Accounting is More than a Numbers Game
Career Path : Accounting
From an outside perspective, accountants seem to work with one thing and one thing only: numbers. It is perhaps surprising, then, to learn that accountants are also expected to have impeccable research and writing skills, as well as be well versed in marketing trends and legal concepts.
Here is a closer look at areas of expertise that accountantâs practice within their own trade.
Part of an accountantâs job is to implement strategies into a corporationâs overall business direction. Financial plans and diligent approaches are key components of these strategies. Needless to say, in order to position a corporation for increased success, accountants are required to think beyond the spreadsheets and into the marketing world.
It seems counter-intuitive at first to think of accountants as marketers. But if you consider how accountants are often required to help devise plans to help a business boost figures, then it only makes sense that they understand the business itself in relation to the shared market. Accountants are expected to compile a marketing plan, which illustrates consumer behaviour patterns and business performance, and includes suggestions as to where a business could or should be headed in light of new market trends.
Research and Reporting
We already know that an accountantâs day-to-day involves more than just numbers. With reports, reviews, contracts and various other business documents, accountants also need to exercise exemplary writing skills.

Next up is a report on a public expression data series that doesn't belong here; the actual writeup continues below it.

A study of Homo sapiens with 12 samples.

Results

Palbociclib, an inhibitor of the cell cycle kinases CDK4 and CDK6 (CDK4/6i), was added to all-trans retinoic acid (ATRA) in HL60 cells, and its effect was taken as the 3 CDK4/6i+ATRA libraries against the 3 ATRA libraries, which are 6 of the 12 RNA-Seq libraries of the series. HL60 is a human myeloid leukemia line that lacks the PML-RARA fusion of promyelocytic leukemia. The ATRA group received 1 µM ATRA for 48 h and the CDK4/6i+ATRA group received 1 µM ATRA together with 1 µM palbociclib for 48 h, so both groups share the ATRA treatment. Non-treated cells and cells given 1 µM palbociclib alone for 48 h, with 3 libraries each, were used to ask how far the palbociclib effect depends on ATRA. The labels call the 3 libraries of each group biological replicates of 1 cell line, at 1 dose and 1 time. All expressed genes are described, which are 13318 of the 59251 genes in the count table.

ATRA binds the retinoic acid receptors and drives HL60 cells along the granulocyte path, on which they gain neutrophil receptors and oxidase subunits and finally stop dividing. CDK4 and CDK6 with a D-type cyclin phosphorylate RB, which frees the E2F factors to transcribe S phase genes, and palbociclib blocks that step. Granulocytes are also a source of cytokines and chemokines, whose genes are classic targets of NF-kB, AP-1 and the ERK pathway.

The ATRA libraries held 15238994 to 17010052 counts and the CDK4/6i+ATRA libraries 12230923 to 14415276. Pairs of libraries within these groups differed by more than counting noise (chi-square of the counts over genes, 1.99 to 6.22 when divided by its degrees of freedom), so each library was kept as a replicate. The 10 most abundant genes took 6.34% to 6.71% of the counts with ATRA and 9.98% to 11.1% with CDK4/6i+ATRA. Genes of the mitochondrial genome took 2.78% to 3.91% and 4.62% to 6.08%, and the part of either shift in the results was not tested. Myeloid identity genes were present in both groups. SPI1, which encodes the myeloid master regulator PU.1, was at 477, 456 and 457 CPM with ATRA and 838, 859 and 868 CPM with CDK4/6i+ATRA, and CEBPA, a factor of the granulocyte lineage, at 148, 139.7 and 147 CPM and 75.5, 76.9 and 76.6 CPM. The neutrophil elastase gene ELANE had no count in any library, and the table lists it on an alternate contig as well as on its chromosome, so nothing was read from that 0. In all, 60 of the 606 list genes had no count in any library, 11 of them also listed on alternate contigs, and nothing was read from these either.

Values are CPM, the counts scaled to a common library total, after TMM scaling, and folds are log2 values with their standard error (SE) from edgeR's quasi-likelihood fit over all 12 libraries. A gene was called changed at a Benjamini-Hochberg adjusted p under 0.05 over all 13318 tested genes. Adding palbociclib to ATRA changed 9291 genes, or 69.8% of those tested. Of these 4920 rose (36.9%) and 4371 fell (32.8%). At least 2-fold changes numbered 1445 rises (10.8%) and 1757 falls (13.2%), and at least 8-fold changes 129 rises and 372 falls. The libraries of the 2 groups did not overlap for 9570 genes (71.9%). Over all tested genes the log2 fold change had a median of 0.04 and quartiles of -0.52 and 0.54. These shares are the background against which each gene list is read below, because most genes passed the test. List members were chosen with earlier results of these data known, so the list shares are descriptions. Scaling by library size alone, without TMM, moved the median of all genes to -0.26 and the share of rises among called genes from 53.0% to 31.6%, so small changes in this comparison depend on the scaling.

Equally as important are an accountantâs research skills. There will come times when an accountant will need to undergo extensive research pertaining to a corporationâs position in the current market, potential strategies it can employ in order to gain leverage against competitors, various developments that should be pursued for the prospects of growth and stability, and various other industry-related topics. His or her ability to provide a thorough and succinct research report directly affects the overall efficiency of their work.
Although it is clear that those who graduate with accounting training are not lawyers, it should be noted that professional accountants are expected to be well versed in legal concepts pertaining to various commercial institutions and transactions. By understanding the intricacies of certain laws, accountants will be better equipped to assess a businessâs practices, as well devise strategies for a businessâs future performance. Â Â Although it goes without saying, an accountant is not a substitute for a licensed lawyer, thus it is always vital that a corporation hire counsel for any legal matters.